The first community of Christians, touched by the Risen Lord and his Gospel, "was of one heart and one mind" and "had everything in common" (Acts 4: 32).
The stories in the Acts of the Apostles speak of the faith in the Lord that had an impact on the relationship among Christians. They became one community sharing life and things together. It's about their communion with the Lord and also with one another.
Helmut Koester, professor of New Testament Studies and Ecclesiastical History at Harvard Divinity School, believes that Christianity appealed to people in the ancient world for two main reasons: first, it formed a new community with promises of a future free from sickness, poverty, and isolation; second, in the Christian community, people were equal with other members, and they were to care for everyone.
The Christian faith and way of living quickly spread beyond Christian communities, shaping their culture and society. Hospitals, health and social services were established wherever the Christian faith was proclaimed.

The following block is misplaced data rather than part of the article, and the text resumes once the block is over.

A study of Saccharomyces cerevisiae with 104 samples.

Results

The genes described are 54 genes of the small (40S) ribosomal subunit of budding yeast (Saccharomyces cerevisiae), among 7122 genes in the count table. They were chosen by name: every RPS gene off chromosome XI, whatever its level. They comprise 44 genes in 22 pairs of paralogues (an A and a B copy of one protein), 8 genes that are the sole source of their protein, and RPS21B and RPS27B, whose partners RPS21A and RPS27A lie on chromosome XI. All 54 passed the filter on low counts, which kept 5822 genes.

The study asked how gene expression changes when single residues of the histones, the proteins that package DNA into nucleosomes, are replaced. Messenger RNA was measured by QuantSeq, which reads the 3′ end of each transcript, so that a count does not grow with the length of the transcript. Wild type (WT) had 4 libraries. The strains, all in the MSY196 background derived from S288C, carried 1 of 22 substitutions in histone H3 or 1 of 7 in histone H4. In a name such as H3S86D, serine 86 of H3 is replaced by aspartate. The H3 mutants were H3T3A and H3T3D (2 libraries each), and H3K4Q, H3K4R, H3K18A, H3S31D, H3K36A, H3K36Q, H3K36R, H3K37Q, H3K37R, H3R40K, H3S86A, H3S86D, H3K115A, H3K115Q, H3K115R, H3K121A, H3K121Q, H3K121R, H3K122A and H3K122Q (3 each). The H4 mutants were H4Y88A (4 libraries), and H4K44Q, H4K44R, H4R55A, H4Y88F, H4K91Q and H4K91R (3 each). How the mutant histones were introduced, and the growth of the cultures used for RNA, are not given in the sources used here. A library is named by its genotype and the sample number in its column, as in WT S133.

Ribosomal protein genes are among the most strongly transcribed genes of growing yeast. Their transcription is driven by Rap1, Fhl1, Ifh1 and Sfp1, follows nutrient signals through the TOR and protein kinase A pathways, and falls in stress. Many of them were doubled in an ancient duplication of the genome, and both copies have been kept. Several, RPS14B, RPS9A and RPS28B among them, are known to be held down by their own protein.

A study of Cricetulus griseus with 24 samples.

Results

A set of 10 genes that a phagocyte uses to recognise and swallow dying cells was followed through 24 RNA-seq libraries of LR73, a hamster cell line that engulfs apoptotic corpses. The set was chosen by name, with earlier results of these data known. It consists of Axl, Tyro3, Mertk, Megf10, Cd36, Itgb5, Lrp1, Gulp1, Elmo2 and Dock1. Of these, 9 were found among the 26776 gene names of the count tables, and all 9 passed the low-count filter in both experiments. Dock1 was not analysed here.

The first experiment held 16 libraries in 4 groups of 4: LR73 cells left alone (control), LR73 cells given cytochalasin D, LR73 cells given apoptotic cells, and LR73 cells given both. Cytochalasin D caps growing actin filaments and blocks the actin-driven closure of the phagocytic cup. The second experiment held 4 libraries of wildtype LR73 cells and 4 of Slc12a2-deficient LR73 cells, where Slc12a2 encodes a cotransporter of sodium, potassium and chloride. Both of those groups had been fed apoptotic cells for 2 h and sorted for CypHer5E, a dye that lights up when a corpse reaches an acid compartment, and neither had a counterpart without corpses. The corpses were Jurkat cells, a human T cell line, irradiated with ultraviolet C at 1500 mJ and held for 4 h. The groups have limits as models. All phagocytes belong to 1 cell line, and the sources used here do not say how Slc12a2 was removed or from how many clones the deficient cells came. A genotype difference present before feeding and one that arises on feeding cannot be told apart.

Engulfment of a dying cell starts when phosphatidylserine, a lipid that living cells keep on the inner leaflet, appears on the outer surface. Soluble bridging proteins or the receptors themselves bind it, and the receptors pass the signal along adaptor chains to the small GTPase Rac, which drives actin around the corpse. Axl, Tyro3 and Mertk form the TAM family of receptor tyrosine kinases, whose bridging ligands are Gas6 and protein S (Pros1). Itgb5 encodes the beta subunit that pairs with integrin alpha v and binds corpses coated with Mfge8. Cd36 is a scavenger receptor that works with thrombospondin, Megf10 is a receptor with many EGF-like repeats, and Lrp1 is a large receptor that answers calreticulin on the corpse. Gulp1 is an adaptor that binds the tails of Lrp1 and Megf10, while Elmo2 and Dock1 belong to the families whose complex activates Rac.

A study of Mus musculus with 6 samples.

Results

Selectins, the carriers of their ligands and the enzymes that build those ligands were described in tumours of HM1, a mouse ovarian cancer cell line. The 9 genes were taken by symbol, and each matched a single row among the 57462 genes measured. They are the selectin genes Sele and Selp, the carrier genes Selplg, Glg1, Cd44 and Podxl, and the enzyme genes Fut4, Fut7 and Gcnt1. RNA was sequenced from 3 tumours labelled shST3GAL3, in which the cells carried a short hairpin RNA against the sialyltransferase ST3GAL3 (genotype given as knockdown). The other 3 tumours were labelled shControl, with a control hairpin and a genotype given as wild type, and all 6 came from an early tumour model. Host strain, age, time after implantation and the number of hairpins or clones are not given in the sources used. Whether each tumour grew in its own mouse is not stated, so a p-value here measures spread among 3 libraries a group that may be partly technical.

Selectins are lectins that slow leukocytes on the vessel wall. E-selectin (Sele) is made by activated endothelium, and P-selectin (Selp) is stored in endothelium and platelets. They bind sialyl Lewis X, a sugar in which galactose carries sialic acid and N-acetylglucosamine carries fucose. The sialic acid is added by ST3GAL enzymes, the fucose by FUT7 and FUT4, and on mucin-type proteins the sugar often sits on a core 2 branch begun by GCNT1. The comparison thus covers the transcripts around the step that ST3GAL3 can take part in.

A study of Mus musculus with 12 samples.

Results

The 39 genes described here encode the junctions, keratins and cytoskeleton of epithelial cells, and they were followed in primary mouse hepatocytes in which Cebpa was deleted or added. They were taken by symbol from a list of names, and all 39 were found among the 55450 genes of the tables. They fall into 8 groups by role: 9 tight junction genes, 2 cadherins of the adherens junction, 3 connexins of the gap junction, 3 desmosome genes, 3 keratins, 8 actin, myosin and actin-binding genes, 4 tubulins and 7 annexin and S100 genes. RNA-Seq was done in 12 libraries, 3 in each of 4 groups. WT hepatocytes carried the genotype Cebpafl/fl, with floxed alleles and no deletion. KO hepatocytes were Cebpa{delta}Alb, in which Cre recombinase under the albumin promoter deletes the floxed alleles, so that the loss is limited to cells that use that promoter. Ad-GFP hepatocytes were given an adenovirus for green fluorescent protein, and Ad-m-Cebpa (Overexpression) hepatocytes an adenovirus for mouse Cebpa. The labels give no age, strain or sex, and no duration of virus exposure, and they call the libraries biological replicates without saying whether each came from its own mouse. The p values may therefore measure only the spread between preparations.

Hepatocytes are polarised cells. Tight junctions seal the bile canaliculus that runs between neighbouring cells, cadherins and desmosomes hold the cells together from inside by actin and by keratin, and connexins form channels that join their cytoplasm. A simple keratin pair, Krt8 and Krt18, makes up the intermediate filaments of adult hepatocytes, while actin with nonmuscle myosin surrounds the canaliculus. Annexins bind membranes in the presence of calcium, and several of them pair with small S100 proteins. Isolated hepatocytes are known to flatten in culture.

Institutions of education from elementary schools to universities, were also founded by Christians. Even in countries where Christianity is a tiny minority, Christian heath and education institutions are influential, attracting Christians and non-Christians alike.
Despite the perception today that Christianity has lost its appeal and become irrelevant, the Christian faith and way of life can still inspire. Certainly Pope Francis through his simple, humble lifestyle and care for the poor has caught the attention of the world. Mission trips also attract young adults, giving them opportunities "to work alongside (religious) sisters and see their joy and see the true return on the investment of giving up yourself in service to others," said Rachel Harkins Ullmann, executive director of the GIVEN Institute. "You see men and women religious, they're in the jungle and they don't have air conditioning and they're happy. They eat rice and beans everyday and they're happy."
We are called to respond to the needs of people in our midst, in our own community or neighborhood. Many parishes do it through their outreach ministry, attending to people in need with compassion and care, respecting their dignity. What is important is not just giving food or support, but to encounter them with respect and be ready to enriched by them.
A parish can support many groups geared toward support in different ways, from Food Pantry to Respect Life, Bereavement, Consolation.